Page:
The Himalayas could experience major earthquakes, according to new findings by a team of researchers at the National Geophysical Research Institute (NGRI) in Hyderabad and Stanford University in the US. The study was published in the recently-released Nature India journal.
Their inference is based on seismic imaging of the region below Garhwal Himalayas. Seismic imaging - somewhat similar to medical imaging - is a geophysical technique to investigate sub-surface structures from measurements made at the surface.
The Himalayan range was formed, and remains active due to the collision of the Indian and Asian continental plates initiated around 50 million years ago. "This convergence is manifested by shortening across the Himalaya, building up of strain and occurrence of great earthquakes," Shyam Rai, chief scientist of NGRI and project leader of the Indian team told Nature India.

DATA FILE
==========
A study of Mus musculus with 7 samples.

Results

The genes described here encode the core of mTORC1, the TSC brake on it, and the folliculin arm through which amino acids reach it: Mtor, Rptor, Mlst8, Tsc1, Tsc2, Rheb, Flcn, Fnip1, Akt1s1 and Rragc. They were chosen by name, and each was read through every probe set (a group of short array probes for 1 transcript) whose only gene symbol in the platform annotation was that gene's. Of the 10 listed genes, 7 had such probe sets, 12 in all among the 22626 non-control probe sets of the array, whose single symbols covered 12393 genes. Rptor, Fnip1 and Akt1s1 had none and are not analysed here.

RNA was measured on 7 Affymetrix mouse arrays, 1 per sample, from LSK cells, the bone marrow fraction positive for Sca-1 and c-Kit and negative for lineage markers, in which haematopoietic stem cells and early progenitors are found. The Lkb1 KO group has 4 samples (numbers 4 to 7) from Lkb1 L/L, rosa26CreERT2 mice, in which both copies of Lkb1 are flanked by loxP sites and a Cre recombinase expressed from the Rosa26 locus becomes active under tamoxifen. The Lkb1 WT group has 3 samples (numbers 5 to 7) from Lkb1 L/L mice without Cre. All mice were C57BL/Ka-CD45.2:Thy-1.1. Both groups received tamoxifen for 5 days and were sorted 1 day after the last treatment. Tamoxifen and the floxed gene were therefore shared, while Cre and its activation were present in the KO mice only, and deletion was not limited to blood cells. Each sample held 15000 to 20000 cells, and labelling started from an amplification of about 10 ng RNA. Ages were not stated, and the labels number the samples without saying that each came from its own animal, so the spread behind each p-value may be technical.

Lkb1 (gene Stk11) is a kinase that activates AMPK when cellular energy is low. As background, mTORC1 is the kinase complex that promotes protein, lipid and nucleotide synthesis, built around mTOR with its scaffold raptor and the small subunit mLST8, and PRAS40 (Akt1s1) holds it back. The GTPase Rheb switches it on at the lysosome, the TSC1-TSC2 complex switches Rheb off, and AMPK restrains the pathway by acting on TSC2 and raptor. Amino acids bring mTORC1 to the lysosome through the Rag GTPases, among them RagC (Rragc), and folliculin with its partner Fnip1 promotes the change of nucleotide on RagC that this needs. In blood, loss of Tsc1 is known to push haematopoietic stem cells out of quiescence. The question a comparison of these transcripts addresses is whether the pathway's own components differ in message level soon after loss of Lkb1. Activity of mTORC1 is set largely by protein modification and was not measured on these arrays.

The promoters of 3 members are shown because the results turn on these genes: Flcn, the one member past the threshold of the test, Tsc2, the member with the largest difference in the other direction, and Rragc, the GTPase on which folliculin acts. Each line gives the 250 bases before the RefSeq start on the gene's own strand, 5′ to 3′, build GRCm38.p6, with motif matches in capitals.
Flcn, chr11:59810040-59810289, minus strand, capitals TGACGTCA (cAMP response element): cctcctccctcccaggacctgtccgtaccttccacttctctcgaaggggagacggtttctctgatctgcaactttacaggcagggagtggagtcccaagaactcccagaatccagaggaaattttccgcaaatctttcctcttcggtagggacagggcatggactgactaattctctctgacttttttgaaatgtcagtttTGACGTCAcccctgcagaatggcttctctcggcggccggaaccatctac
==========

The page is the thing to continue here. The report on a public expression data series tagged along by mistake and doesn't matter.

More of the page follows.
While scientists know that India is sub ducting under Asia, they have started studying in great detail the complexity of this collision zone recently - particularly about the Main Himalayan Thrust (MHT), the fault that separates the Indian continental plate from the Asian plate. The MHT has historically been responsible for a magnitude 8 to 9 earthquake every several hundred years.
The researchers seismically imaged the sub ducting Indian plate in a transect across the Garhwal Himalaya, and related this image to the seismicity, geomorphology and tectonics of the collision zone.
Seismic images of the MHT created by the Stanford-NGRI group reveal that deformation in the Himalaya is localised on MHT.